Gorilla For Sale
The largest living primate, the gorilla is a predominantly herbivore animal that is native to the forests of central Africa. It is a ground-dweller. There are two species of gorilla, the eastern gorilla and the western gorilla. Both species are classified as critically endangered. Gorillas are genetically similar to humans, sharing about 95% of their DNA. Adult male gorillas can stand over six feet tall and weigh more than 420 pounds.
No Gorilla currently listed for placement
In the wild, gorillas are found living in the tropical and subtropical forests near the Equator. Captive gorillas will thrive in enclosures that are large, complex, and continuously enriched. Ideally, an enclosure that has multiple rooms, private areas, sleeping areas, and more will appeal to gorillas.
Gorillas Eat More than Bananas
Gorillas live on a plant based diet that includes leaves and fruits. In fact, their diet is so rich in moisture that they very rarely drink water. Gorillas have been observed occasionally eating ants and termites. In captivity, gorillas benefit from a varied diet, with an abundance of fruits and vegetables. They can be fed tomatoes, apples, broccoli, celery, sweet potatoes, kale, peppers, and more.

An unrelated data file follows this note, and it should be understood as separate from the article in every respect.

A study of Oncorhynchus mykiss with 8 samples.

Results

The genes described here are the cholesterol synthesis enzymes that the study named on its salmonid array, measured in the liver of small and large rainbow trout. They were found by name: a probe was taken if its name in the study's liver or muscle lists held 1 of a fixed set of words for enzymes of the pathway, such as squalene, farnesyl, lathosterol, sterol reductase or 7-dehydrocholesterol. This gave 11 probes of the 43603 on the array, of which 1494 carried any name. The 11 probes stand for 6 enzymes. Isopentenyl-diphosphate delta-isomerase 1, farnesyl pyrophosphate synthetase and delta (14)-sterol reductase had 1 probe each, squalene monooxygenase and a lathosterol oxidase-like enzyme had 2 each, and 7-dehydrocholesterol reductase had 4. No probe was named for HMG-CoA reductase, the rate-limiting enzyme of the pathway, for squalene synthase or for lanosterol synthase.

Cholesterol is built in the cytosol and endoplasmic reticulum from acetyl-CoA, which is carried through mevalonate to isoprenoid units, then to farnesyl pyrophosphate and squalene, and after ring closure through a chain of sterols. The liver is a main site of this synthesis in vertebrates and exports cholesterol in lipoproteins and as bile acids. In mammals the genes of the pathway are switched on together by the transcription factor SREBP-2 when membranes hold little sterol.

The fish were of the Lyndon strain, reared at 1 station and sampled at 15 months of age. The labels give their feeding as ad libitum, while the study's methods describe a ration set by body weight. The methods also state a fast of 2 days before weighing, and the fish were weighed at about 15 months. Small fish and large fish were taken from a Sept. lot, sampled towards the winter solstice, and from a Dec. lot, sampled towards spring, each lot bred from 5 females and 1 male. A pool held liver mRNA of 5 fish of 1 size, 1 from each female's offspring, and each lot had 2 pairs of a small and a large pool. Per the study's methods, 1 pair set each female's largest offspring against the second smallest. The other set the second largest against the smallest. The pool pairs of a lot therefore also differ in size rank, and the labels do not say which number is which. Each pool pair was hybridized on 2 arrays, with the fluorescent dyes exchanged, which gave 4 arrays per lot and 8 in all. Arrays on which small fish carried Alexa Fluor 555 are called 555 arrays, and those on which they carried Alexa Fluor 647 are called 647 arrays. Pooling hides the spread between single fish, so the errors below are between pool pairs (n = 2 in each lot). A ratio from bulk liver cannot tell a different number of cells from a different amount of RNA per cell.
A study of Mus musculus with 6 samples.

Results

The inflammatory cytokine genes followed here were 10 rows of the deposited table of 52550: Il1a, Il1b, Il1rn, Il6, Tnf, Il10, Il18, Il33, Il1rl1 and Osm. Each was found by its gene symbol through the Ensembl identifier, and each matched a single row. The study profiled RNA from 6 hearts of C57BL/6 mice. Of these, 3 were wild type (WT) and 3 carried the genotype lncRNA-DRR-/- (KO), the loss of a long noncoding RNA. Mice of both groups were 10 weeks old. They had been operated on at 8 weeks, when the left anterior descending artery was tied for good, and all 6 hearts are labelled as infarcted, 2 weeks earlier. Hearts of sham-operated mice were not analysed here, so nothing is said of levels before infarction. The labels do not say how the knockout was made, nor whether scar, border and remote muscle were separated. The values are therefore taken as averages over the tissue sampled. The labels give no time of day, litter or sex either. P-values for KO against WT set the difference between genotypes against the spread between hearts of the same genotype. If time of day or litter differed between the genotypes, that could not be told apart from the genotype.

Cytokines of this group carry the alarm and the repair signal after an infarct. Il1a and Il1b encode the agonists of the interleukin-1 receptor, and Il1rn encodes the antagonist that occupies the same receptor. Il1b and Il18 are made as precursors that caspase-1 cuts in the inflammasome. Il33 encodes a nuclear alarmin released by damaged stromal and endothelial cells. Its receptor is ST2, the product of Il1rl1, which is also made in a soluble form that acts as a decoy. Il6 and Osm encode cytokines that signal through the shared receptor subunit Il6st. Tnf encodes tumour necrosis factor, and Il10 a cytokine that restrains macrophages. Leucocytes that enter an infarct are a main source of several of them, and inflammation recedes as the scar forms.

How Smart Are Gorillas?
Gorillas are intelligent, quick-learners, and adept tool-users. New and different enrichment items should be introduced regularly to keep the animals mentally and physically stimulated. Food enrichment items work well, such as food puzzles, hoses filled with food and capped with an apple, and hollowed out balls filled with treats.
Gorillas Breeding in Captivity
Female gorillas become sexually mature between ten and twelve years of age and males reach maturity between eleven and thirteen. Surprisingly, female gorillas are unable to produce an infant for two years after her first cycle. Gorillas do not have a specific mating season, therefore they mate year round. Females initiate the mating by various body movements meant to attract the attention of the males. The males, however, chose who they make with based on their ranking within the group. Female gorillas are pregnant for approximately eight and a half months and, most often, deliver a single baby. Reproduction occurs about every four years.